Image: The famous Lucas Gusher
at Spindletop Hill, South of Beaumont, Texas, United States. Public domain.
Everyone knew it was crazy to try to extract oil and natural gas buried in shale rock deep below the ground. Everyone, that is, except a few reckless wildcatters - who risked their careers to prove the world wrong. Things looked grim for American energy in 2006. Oil production was in steep decline and natural gas was hard to find. The Iraq War threatened the nation's already tenuous relations with the Middle East. China was rapidly industrializing and competing for resources. Major oil companies had just about given up on new discoveries on U.S. soil, and a new energy crisis seemed likely.
But a handful of men believed everything was about to change. Far from the limelight, Aubrey McClendon, Harold Hamm, Mark Papa, and other wildcatters were determined to tap massive deposits of oil and gas that Exxon, Chevron, and other giants had dismissed as a waste of time. By experimenting with hydraulic fracturing through extremely dense shale - a process now known as fracking - the wildcatters started a revolution. In just a few years, they solved America's dependence on imported energy, triggered a global environmental controversy - and made and lost astonishing fortunes.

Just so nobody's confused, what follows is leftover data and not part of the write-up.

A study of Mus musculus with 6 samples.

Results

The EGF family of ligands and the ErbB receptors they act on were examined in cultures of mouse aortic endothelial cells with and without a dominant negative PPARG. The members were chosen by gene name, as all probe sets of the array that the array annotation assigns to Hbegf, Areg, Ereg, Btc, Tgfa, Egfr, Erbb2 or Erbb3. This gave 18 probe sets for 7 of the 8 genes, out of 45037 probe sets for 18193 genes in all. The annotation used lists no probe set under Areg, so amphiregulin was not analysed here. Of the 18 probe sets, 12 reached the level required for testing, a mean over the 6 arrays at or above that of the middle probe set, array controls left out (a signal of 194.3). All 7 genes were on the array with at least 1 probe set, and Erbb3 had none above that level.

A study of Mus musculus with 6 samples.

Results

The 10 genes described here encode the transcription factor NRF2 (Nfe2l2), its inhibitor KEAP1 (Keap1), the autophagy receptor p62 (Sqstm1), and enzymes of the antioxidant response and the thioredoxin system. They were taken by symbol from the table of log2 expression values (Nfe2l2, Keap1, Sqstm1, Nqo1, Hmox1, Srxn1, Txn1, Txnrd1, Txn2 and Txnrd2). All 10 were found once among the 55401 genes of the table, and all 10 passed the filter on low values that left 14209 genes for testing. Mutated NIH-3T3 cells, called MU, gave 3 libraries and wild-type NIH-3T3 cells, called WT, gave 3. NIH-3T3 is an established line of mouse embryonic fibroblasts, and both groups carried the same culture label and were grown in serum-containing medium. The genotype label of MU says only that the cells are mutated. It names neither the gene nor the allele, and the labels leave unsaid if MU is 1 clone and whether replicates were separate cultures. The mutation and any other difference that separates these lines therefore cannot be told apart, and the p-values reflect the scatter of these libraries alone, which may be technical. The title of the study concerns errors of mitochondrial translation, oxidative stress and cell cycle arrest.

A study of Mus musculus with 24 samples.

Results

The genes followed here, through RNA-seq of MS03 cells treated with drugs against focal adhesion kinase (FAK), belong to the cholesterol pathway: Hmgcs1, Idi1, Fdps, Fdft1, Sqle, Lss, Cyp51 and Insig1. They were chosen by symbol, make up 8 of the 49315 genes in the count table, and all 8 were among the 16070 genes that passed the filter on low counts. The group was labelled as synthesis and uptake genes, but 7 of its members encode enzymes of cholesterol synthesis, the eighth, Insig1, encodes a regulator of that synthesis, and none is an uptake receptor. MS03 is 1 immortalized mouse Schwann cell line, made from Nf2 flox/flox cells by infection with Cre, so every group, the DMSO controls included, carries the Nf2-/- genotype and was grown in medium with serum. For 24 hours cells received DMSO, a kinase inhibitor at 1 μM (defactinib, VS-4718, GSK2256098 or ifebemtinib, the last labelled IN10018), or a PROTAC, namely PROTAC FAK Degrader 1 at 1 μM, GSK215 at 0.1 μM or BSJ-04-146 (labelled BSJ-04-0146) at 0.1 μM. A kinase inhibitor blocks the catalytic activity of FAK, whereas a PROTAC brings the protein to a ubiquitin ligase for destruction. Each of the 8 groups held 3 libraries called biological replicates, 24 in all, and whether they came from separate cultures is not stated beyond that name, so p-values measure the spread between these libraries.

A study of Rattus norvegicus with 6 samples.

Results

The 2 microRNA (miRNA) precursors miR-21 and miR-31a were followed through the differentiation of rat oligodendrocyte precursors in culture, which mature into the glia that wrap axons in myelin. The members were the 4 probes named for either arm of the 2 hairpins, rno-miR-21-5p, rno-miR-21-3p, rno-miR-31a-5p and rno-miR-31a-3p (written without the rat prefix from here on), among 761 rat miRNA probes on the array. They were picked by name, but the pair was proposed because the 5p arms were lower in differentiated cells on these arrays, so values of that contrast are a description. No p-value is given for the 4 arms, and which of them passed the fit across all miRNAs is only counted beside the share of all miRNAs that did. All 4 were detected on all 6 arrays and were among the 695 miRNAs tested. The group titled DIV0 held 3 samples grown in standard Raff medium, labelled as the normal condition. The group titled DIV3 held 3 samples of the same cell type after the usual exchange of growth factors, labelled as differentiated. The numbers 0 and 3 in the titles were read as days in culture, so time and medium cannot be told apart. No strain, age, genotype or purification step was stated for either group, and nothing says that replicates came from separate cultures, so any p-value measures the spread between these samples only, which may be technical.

No one understands these men better than the award-winning Wall Street Journal reporter Gregory Zuckerman. His exclusive access enabled him to get close to the frackers and chronicle the untold story of how they transformed the nation and the world. The result is a dramatic stretching from the barren fields of North Dakota and the rolling hills of northeastern Pennsylvania to cluttered pickup trucks in Texas and tense Wall Street boardrooms.
Activists argue that the same methods that are creating so much new energy are also harming our water supply and threatening environmental chaos. The Frackers tells the story of the angry opposition unleashed by this revolution and explores just how dangerous fracking really is.